This December Holidays Library Lesson covers winter holidays from all over the world! Features Christmas, Hanukkah, Kwanzaa, Las Posadas, Pancha Ganapati, Boxing Day, and La Befana. Includes whole-group library lesson, scrolling slideshow, Recommended Reads, Scavenger Hunt activity, and lesson plan template.


AUTHOR: Gayle Forman
SERIES: If I Stay, Book 1
PUBLISHER: Dutton Juvenile, Penguin Young Readers
PUBLICATION DATE: April 9, 2009
ISBN:9780525421030
PAGES: 199
SOURCE: My library
GENRE: Realistic
RECOMMENDED FOR: MS, HS
OVERALL RATING: Recommended

SUMMARY: After a fatal car accident kills her family and puts her in a coma, seventeen year-old Mia must decide whether she wants to stay (live) or go (die). As her broken body hovers between life and death, Mia’s soul roams the hospital hallways, listening to her grieving friends and family, remembering the past, and contemplating the possibility of a future without the people she loves most.

WHAT I LIKED: Engrossing and short. I read If I Stay in one sitting. It is easy to get involved in Mia’s life, and her struggle between life and death is understandable. My library girls love this book, and I have heard and read lots of positive reviews of the sequel, Where She Went.

If I were still teaching English, If I Stay would make a great book for class or reading group discussions. The ultimate question of whether Mia should stay or go is universal, the answer complex and varied from person to person. With some talk of angels and church, religion is a small component of the story, but Forman’s eloquent prose focuses mainly on Mia’s life and her decision to fight or let go. The characters’ religious faith ranges from Jewish to Christian to Atheism, and religious references remain generic. I like this because readers of different faiths (or no faith) will be able to appreciate Mia’s dilemma without getting caught up in the question of what does or does not happen if she chooses death.

WHAT I DIDN’T LIKE: First of all, let me say that I know that my thoughts here here will be controversial, and I get that. However, I owe it to my readers and myself to review books as honestly as I can, so here goes…

As a middle school librarian, I read language and sexual content with a critical eye. There are plenty of times that I recommend books to my students, even though there is a lot of mature content. I have lots of books on my middle school library shelves that I’m certain would raise plenty of eyebrows. But a good story is a good story, and sometimes that good story needs to include mature content. I myself read lots of mature content in middle school and handled it just fine, and so can most of my middle schoolers. If adults don’t make a huge deal out of mature content, then neither will the kids.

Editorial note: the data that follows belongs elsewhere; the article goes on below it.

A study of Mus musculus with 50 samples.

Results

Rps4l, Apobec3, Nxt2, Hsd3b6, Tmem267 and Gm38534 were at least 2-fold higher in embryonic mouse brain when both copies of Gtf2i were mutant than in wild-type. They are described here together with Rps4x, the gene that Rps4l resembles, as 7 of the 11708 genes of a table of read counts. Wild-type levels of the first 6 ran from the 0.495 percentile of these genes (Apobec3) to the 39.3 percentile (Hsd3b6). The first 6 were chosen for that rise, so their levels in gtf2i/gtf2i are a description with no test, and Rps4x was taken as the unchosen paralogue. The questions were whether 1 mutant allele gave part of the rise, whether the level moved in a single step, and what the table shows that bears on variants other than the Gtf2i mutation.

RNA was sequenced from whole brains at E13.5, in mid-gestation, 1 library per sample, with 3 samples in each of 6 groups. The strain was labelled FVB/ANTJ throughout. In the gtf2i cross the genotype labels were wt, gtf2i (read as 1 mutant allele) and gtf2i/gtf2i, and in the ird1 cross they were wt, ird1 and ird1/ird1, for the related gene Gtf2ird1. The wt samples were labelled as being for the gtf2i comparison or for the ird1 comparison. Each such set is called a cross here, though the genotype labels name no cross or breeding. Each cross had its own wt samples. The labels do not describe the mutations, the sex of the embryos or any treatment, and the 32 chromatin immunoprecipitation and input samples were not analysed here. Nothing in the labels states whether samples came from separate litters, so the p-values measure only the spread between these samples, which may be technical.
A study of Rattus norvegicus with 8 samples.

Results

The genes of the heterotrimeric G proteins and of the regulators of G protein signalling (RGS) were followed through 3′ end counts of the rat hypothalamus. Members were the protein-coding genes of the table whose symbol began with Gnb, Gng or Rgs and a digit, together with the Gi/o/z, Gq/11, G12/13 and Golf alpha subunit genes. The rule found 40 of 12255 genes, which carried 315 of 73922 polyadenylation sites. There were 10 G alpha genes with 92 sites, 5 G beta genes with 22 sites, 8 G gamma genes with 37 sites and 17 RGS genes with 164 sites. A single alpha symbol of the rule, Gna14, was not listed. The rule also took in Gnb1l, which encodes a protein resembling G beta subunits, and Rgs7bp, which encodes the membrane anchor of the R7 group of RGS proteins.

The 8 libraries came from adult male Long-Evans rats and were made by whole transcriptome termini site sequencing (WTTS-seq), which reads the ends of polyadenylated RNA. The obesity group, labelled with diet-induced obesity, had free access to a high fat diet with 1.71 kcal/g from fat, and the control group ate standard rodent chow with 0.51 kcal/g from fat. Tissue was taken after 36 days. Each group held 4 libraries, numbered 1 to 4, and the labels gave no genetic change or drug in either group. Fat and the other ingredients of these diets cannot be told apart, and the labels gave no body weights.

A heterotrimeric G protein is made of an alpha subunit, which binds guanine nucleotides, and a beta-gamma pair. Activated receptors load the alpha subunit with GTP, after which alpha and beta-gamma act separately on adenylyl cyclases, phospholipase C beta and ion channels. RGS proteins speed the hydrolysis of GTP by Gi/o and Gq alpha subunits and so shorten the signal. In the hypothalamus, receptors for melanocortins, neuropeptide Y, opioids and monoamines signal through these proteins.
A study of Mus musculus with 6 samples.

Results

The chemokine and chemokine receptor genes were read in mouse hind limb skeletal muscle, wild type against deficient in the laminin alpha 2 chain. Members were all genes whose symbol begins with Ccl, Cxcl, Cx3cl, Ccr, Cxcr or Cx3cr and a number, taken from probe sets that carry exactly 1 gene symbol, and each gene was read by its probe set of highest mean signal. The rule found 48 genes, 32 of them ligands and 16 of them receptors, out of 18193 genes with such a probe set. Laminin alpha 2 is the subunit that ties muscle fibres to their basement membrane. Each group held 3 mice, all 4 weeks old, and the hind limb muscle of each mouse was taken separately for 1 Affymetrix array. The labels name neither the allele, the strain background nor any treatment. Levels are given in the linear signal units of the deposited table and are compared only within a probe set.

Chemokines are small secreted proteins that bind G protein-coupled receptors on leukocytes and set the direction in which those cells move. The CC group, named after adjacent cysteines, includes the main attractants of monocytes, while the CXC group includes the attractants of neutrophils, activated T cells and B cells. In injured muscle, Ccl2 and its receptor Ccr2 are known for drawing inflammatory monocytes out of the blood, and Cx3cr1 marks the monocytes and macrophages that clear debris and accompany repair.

That said, I also sometimes question the inclusion of mature content. Language and sexuality definitely have their places in YA books, but I do not like to see either thrown in randomly, with no apparent purpose. It reminds me of sex and language included in a PG-13 movie simply to obtain an R rating. From a librarian’s perspective, it limits the book’s audience because I am less likely to recommend a book with a high level of mature content to a sixth grader than I am to an eighth grader.

My point in all this is, while the one make-out scene in the book goes with the story and helps develop two major characters, I believe much of the mature language in If I Stay is unnecessary, almost as though it is tossed in there to make it YA instead of MG. There is not a ton of mature language, but what is in there seems to come out of nowhere. I wish I could recommend If I Stay to my sixth graders in general; I know it would be a popular choice. I have lots of sixth grade girls asking me for books about teens facing serious issues, and Mia’s choice between life and death has universal appeal. If the language were a little milder or occurred less often, I would enjoy booktalking If I Stay with my sixth grade classes. Will I recommend it to lots of students? Absolutely; I really enjoyed the book. Can add it to my Lone Star Plus reading list or recommend it to everyone I would like to? I wish.

CONTENT:

  • Language: Medium-high; see my thoughts above in “What I Didn’t Like”
  • Sexuality: Medium; one make-out scene early in the story
  • Violence: Mild; medical blood and gore (from accident itself and surgeries)
  • Drugs/Alcohol: Mild; some teen and adult drinking; Mia’s father smokes a pipe

STATUS IN MY LIBRARY: We have it, and it is somewhat popular.